All of us look in a mirror at least once or twice a day. We do this to ensure our appearance is presentable before we venture out to interact in public. Mirrors aren’t the only things that manifest our reality. Children are an image of their parents. Gail Lumet Buckley said, “Family faces are magic mirrors. Looking at people who belong to us, we see the past, present and future. We make discoveries about ourselves.” Employees are a manifestation of their company. Your friends are a rendition of you. Even pets are a reflection of their owners!
One of the greatest reflectors of all is a book. There is nothing quite so unassuming, so non-parochial, so neutral, as the written word. It is up to me to interpret and apply as I deem fit; to get as much out of it as I can, or to close its pages when it gets too personal. It’s tough to be objective about what is really in front of us when we look in the mirror. It’s also a real challenge to open our minds to the reality of words and what they mean for us.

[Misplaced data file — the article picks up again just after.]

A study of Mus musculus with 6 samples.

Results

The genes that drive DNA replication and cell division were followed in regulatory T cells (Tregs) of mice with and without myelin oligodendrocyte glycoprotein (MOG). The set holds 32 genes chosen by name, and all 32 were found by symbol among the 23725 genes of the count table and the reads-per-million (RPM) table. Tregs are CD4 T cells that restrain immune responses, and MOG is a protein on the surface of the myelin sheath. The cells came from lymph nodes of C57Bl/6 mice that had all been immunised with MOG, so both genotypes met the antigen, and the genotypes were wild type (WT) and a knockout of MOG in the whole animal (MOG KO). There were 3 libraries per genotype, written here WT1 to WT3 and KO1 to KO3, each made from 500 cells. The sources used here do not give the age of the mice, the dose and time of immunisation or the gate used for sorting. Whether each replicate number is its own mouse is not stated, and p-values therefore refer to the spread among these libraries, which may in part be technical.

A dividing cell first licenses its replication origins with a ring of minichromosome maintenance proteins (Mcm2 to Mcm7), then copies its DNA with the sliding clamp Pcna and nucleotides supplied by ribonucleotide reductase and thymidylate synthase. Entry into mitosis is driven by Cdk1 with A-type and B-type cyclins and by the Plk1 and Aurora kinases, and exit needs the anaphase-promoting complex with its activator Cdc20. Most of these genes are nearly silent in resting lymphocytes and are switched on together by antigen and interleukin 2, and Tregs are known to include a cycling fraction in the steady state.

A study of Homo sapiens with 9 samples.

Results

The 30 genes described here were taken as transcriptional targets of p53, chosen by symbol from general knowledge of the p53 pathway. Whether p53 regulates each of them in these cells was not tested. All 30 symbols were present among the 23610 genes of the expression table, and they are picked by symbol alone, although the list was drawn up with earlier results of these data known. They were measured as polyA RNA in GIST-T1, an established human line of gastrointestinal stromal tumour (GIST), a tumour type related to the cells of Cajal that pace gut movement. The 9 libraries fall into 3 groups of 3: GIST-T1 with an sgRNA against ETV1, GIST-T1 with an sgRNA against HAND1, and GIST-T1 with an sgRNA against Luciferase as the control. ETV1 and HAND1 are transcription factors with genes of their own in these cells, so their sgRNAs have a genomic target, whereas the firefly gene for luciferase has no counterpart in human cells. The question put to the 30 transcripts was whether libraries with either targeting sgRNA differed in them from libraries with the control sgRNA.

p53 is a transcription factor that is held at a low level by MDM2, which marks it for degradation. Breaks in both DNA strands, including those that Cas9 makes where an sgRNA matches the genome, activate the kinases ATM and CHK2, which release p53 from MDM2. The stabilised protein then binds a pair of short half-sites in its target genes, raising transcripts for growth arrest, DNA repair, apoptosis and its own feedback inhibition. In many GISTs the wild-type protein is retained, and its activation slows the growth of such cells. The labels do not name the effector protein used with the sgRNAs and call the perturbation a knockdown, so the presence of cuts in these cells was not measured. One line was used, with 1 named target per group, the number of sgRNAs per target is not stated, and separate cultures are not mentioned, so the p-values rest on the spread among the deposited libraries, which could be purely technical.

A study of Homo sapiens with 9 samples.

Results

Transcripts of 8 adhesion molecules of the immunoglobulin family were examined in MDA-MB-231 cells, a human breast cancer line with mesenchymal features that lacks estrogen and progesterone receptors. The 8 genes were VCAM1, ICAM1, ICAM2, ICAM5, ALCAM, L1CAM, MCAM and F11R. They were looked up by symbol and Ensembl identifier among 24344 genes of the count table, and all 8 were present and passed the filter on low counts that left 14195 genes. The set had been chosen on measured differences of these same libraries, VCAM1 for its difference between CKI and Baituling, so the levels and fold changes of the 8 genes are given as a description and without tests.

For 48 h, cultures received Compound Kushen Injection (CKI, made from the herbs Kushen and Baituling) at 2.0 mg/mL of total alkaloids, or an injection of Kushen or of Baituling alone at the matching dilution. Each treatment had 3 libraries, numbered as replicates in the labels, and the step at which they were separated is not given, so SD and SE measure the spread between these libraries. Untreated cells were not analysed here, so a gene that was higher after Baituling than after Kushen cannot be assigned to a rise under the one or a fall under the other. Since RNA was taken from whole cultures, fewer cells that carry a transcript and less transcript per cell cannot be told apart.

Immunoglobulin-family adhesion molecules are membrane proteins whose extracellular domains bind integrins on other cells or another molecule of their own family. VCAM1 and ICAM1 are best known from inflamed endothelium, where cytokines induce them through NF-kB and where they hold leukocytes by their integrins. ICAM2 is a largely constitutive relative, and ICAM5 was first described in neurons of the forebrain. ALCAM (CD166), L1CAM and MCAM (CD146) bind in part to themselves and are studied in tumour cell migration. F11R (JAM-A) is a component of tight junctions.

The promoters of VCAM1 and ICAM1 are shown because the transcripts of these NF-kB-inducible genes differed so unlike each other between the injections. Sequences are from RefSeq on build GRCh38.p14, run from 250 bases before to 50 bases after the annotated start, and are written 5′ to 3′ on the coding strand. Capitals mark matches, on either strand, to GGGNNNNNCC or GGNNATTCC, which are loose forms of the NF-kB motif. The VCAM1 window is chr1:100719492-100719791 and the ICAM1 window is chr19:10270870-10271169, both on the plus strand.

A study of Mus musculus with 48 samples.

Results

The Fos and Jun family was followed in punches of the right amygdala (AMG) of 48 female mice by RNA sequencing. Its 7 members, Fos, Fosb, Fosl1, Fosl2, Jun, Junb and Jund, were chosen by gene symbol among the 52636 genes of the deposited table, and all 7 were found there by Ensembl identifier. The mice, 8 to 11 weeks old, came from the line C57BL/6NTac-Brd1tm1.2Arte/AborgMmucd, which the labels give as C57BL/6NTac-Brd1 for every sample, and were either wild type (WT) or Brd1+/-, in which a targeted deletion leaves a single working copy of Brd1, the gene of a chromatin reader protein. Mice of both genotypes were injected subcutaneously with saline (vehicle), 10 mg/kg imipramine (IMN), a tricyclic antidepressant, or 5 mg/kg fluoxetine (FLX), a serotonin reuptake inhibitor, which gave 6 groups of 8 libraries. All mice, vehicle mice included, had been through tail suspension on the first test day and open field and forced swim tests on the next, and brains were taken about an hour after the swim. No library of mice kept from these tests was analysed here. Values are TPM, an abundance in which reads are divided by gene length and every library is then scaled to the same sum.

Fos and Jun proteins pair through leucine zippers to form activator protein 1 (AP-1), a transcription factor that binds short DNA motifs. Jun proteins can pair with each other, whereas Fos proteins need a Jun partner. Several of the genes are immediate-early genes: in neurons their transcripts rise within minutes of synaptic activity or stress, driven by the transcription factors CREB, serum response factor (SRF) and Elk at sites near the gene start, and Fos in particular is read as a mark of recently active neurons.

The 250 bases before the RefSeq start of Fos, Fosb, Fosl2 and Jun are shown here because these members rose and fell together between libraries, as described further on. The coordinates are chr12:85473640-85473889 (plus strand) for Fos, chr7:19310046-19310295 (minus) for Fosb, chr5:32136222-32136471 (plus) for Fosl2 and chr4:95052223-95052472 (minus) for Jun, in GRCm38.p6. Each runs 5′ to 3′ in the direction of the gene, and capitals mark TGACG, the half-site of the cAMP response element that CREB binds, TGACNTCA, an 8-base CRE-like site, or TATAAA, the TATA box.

We hear a lot of talk about vision. How is your vision when you look in the mirror? Do you see clearly what’s before you? Do you obsess that vision is really all about seeing things that others cannot and miss seeing things as they are?
My father used to tell me that if he could have one wish granted, he’d ask that I be permitted to see clearly, ten minutes a day. If that could be done, the world would beat a path to his door because even the saints have had to look through a glass darkly. One of the most exciting thoughts he ever shared with me is the discovery of what vision really is. It isn’t an unusual imagination or creativity reserved for the genius or the savant. No—as in all things, the best things are all at our feet, free and ready to be put to use. Vision is being able to see things as they are.
The next time you look in the mirror, or read a book, or have lunch with your family or friends, take the time to see what is really there.